Eurostar is seeking financial support from the UK Government, citing higher access charges here as a reason.
The French Government has pledged to provide support for the operator, while £200 million has been provided by one of its shareholders, Caisse de Dépôt et Placement du Québec (CDPQ) and Hermes Infrastructure.
Registered in the UK and supporting 3,000 jobs either with the business or in the supply chain, the company is, however, 55% owned by SNCF (French state rail), 40% by CDPQ/Hermes and 5% by SNCB (Belgian state railways).
So: Should the UK Government provide financial assistance to Eurostar?


This represents the industry’s most intensive fleet implementation, with all 115 trains delivered on time, by May 2018. The Class 700 fleet introduction involved 1,140 new vehicles being delivered in 30 months (averaging nine per week).

The trains are 30% lighter than previous units on the route, which has been achieved by using aluminium body shells and elimination of duplicated equipment by the use of a fixed formation train with a single set of controls. This also means they are 20% more fuel-efficient.

The reliability of these eight and 12-car trains has now reached 10,000 miles per incident.

Judges felt the design of the doorways and interior space was good for passenger flow, with more than the usual space allowed for luggage on a route serving Gatwick and Luton Airports. The judges were also impressed that there are no seats without windows, which compares favourably with other train designs.

Overall, they felt that this was probably the most successful and significant train introduction programme, with a train that sets new standards in life cycle design, operational efficiency and passenger amenity.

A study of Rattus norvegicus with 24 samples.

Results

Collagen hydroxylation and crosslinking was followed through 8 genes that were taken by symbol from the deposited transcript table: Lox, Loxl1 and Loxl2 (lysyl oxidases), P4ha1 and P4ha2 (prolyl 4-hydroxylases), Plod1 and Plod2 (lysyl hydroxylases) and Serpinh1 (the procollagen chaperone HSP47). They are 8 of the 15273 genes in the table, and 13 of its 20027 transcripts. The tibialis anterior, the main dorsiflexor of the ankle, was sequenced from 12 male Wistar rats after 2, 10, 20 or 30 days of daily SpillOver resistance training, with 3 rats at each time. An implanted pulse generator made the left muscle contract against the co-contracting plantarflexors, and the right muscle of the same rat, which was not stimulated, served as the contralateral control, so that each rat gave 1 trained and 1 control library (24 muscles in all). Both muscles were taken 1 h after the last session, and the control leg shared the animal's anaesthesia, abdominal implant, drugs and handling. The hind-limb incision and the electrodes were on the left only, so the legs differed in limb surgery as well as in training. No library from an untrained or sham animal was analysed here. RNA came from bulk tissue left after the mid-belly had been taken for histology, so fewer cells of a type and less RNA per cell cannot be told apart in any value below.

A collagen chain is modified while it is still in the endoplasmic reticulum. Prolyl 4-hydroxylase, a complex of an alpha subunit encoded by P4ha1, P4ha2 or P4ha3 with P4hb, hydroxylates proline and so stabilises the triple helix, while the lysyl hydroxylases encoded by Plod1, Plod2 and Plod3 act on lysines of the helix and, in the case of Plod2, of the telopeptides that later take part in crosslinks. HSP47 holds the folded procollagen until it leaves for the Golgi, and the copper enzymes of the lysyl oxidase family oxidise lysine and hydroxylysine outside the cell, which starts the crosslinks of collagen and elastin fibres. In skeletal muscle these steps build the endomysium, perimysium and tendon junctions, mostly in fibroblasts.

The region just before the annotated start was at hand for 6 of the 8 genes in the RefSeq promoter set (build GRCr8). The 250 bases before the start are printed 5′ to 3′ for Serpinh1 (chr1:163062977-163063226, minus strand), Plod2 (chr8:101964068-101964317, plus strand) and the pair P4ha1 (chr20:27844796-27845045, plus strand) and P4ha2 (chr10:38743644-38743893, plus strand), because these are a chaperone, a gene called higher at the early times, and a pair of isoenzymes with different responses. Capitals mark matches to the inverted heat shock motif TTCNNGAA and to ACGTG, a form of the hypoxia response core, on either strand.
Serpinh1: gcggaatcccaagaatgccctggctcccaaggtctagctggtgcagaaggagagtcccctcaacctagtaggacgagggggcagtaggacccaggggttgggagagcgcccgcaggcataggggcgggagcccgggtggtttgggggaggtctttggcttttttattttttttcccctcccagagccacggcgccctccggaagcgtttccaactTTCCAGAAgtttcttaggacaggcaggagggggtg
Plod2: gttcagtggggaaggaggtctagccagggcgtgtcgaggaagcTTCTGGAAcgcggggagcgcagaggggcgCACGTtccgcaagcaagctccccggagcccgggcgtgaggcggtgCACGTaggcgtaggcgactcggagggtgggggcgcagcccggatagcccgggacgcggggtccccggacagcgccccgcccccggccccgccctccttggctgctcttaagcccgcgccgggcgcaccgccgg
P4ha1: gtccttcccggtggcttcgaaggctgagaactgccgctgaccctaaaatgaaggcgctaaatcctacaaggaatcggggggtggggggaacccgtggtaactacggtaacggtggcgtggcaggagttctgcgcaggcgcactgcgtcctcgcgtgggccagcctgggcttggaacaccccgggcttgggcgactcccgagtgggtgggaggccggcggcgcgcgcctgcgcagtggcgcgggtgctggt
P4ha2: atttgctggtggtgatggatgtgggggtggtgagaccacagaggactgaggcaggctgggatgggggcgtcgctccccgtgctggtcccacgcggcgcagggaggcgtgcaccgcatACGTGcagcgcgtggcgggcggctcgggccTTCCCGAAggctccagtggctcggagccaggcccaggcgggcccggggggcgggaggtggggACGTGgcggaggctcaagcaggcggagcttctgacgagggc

• For FULL coverage of the National Rail Awards, read RAIL 862, published on September 26, and available digitally on Android, iPad and Kindle on September 22.


    Class 700s run by GTR are skimpy seated, poverty specced cattle trucks. If you get a seat they make your backside and legs numb within 5 minutes. They have no tables or sockets.


      I absolutely agree. A totally cynical piece of engineering with highly questionable aesthetics. Not only are the seats woeful in that they lack any significant padding and lack a fold out shelf and their backs are far too high creating a claustrophobic forest of seat backs. The front of the train has to be one of the ugliest designs ever conceived.. A veritable dog's dinner of a train. If this was the winner then God help the runners up - or rather God help the people who are forced to travel in these apologies for pleasant and efficient transport.


      Class 700's are the biggest waste on money ever, The old class 313 had the about the same size seats and more of them. How Great Northern expect people to travel from King's Lynn to Brighton in one of these is beyond me. Hard seats, no foot space beside the window and no table to put a coffee on. If I can avoid a 700 I will and get a later train. Absolute pile of c**p.


    Evidentially none of the judges have used one of these train in the rush hour! Fewer seats but if you can find somewhere to hold on you can stand up, or sit on the floor. Also the stats on the standing capacity are inflated as they have reduced the space needed to stand form 40sq cm to 25sq cm. This is NOT the train of the future.


    What a joke! As commuter trains these are truly awful. Bum-numbingly uncomfortable seats, too few of them (lots of extra standing room tho to ram more fare paying passengers in) no tables, no charging sockets, no idea what makes a good commuter train!